January 29, 2016
Greta Garbo, one of the finest movie actresses of the 20th Century, is perhaps most famous for something she said in the 1932 classic, Grand Hotel: “I want to be alone.”
Haven’t we all, at least some of the time–and golf courses frequently beckon us for a solitary, contemplative round.
There’s no escaping the fact that playing by oneself is a different experience than when playing with others, whether they are part of your gang of regulars or just some folks that course operators slotted you with in their schedule. For some of us, the pressure of performance is somehow reduced when playing solo, and that helps us play better. For others, playing alone makes it easier to appreciate the surroundings, instead of keeping up with the flow of conversation.
Unfortunately, for still others it’s a great chance to cheat, at least when it comes to posting scores for handicap purposes.
That last consideration appears to be the primary purpose behind a new change adopted by the United States Golf Association for its Handicap Manual, announced last November and effective Jan. 1, 2016.
Section 5-1e couldn’t be more blunt:
Scores made under the following conditions are not acceptable for handicap purposes and must not be entered in the player’s scoring record: (vi) When a player plays alone….
The USGA’s announcement of this change included this terse explanation:
To further support the key system premise of peer review, scores made while playing alone will no longer be acceptable for handicap purposes. This change underscores the importance of providing full and accurate information regarding a player’s potential scoring ability, and the ability of other players to form a reasonable basis for supporting or disputing a posted score….
Many avid golfers in this country and elsewhere did not take kindly to this new limit on posting scores, expressing their outrage on Facebook and other social media. They weren’t alone. Golf Canada, the official golf organization for our friends in The Frozen North, had a straightforward and negative reaction, which it announced on Twitter: “Our Handicap & Course Rating Committee has voted not to adopt Section 5-1e (vi) of the USGA Handicap System Manual. Scores made while playing alone will continue to count for handicap purposes.”
The USGA then posted an FAQ page at its website, perhaps intending to calm the waters it so easily disturbed. First, the organization reiterated its emphasis on peer review:
Knowing golfers rely on the integrity of the system to produce an accurate view of playing ability, this change helps golfers form a better basis to support or dispute scores that have been posted to a player’s scoring record.
It also noted that most other handicapping organizations already adopted this policy: “With them, the USGA believes it provides a more accurate view of a golfer’s ability, supporting integrity, fairness and equitable play among all golfers.” It then began listing possible ways in which playing alone isn’t really playing alone, if you catch the drift:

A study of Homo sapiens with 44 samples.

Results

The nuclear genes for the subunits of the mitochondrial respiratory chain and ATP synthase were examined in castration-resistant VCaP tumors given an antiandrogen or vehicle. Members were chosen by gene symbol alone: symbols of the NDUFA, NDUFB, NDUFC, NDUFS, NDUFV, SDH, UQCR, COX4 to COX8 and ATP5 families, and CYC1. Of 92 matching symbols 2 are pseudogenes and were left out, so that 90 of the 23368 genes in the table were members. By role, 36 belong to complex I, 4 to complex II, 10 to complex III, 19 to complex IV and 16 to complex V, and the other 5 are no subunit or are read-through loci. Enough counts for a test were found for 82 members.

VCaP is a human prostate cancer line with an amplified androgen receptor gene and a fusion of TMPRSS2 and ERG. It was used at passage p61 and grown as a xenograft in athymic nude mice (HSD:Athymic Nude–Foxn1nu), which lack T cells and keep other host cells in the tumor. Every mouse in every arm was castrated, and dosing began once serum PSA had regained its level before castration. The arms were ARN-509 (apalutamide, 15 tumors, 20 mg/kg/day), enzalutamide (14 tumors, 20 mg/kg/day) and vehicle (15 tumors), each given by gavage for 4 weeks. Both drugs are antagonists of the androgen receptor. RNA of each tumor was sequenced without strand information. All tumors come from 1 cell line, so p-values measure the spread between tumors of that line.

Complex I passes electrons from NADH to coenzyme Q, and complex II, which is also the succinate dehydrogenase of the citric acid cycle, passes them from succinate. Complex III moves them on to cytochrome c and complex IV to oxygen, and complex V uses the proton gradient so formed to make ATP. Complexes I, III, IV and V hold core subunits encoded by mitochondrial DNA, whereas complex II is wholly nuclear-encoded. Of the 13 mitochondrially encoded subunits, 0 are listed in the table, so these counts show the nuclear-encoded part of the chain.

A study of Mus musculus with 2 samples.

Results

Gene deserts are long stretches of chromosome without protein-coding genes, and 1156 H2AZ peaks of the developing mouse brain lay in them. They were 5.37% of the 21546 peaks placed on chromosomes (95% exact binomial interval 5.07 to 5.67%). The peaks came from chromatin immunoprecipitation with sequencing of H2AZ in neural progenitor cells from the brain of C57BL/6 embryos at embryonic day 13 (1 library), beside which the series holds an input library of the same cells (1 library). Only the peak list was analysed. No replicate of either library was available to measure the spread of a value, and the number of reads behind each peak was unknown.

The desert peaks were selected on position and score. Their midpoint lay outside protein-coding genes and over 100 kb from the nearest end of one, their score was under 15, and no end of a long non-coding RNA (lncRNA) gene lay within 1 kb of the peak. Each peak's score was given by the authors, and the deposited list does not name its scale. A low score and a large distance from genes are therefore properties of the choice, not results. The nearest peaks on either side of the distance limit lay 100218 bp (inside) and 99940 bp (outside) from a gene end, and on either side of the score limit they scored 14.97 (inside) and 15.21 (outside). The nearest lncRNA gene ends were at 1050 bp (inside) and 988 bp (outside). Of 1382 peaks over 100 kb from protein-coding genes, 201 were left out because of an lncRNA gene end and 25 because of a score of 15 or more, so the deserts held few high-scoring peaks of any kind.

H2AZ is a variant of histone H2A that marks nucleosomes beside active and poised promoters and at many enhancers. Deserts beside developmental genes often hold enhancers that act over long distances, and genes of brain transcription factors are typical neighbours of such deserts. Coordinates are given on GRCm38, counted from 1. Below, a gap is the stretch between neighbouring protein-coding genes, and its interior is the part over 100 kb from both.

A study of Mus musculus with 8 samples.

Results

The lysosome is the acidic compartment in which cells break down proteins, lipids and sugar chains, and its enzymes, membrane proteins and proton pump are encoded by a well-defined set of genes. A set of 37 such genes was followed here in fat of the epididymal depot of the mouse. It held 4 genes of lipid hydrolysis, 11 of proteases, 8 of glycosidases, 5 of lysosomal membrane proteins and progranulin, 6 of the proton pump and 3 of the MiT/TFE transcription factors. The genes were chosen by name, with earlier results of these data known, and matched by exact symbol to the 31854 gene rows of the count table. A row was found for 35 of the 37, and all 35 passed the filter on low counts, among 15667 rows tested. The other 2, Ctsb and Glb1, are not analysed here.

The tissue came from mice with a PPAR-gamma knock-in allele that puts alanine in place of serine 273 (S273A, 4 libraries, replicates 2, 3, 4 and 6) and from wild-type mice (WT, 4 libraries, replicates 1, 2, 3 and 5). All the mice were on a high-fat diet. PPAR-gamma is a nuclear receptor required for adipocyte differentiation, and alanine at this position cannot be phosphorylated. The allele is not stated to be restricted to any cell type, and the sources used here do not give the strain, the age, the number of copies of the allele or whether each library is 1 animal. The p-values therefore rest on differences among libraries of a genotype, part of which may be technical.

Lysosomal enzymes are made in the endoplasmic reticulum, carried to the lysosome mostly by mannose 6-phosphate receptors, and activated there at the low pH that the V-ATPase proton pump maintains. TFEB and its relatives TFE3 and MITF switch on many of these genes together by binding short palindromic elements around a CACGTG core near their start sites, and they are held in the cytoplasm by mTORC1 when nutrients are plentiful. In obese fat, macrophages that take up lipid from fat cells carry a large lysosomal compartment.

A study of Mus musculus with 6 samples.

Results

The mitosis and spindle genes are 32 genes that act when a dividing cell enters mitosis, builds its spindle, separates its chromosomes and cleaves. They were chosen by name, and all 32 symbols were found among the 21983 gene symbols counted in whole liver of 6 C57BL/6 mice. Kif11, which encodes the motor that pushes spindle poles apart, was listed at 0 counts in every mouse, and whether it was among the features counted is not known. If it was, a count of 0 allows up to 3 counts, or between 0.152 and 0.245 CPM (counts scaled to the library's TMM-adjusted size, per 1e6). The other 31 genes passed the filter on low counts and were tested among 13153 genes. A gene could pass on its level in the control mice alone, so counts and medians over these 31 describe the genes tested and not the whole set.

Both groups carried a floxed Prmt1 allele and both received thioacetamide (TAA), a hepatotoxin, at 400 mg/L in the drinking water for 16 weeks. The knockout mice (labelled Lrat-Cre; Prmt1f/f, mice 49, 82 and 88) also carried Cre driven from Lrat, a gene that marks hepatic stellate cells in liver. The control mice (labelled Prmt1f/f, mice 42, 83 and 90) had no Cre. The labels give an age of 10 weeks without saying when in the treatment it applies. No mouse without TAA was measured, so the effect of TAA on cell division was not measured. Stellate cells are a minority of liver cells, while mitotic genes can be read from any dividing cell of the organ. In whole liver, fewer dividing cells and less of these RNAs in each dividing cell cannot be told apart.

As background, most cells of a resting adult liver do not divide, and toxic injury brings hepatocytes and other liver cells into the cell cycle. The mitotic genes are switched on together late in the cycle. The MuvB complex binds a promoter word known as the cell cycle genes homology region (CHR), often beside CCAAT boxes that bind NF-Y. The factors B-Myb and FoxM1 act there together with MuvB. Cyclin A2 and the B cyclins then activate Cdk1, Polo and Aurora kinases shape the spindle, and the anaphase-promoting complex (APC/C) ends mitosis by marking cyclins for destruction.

As long as someone accompanies the player during the round (e.g., fellow competitor, opponent, caddie, marker for a tournament, friend riding along in a cart) the player is not playing alone.
The player must be accompanied for at least seven holes for a nine-hole score or 13 holes for 18-hole score…. For the holes played alone (not accompanied), the player would treat these as not played under the Rules of Golf and post according to “par plus” any handicap strokes the player is entitled to receive.
Bill Barrow is the executive director of the Delaware State Golf Association, the official link to the USGA in the state. The DSGA also oversees the statewide handicap posting computer network that Delaware golf clubs provide for their members, including public courses such as Baywood Greens, Bear Trap Dunes, and The Rookery’s North and South courses.
Barrow told me most golfers who’ve contacted him are not in favor of the new limitation. He understood the change was part of a global undertaking to adopt a more uniform approach to handicapping, and guessed that this element was among the negotiated items.
Tony Hollerback, the head pro at Baywood, thought the new change would not affect golfers at the popular Millsboro course very much. As he put it, most of Baywood’s members play together in leagues, and single-person rounds there are pretty rare.
It remains to be seen how the handicap committees for Cape Region clubs and the others in Delaware will react to the USGA’s change. They have a few months to work on it, insofar as official score posting doesn’t start here until April 1. On the other hand, Delaware snowbirds now golfing in Florida are entitled to post their scores, because year-round posting is the norm in southern states.
The handicap posting computers at the Cape Region clubs I’ve seen are typically directly accessible to the golfers. There is nothing currently set up that prevents single-player rounds from being posted and used for handicapping, despite the new rule.
Perhaps the committees will establish some witnessing requirements, or work with the club pros to change how and when scores are posted. As one local private course golf pro said, “Golf is a game of integrity, after all. We just have to educate our members as best we can.”
He’s right. Golf is a game of honor, and competitive results won’t be accepted unless the players believe they are playing against others who also accept that fact. Cheating will happen, however, and rules changes like this one are an attempt to deal with that sad aspect of human nature. On the other hand, playing alone should not be assumed to be an attempt to undermine the integrity of the game.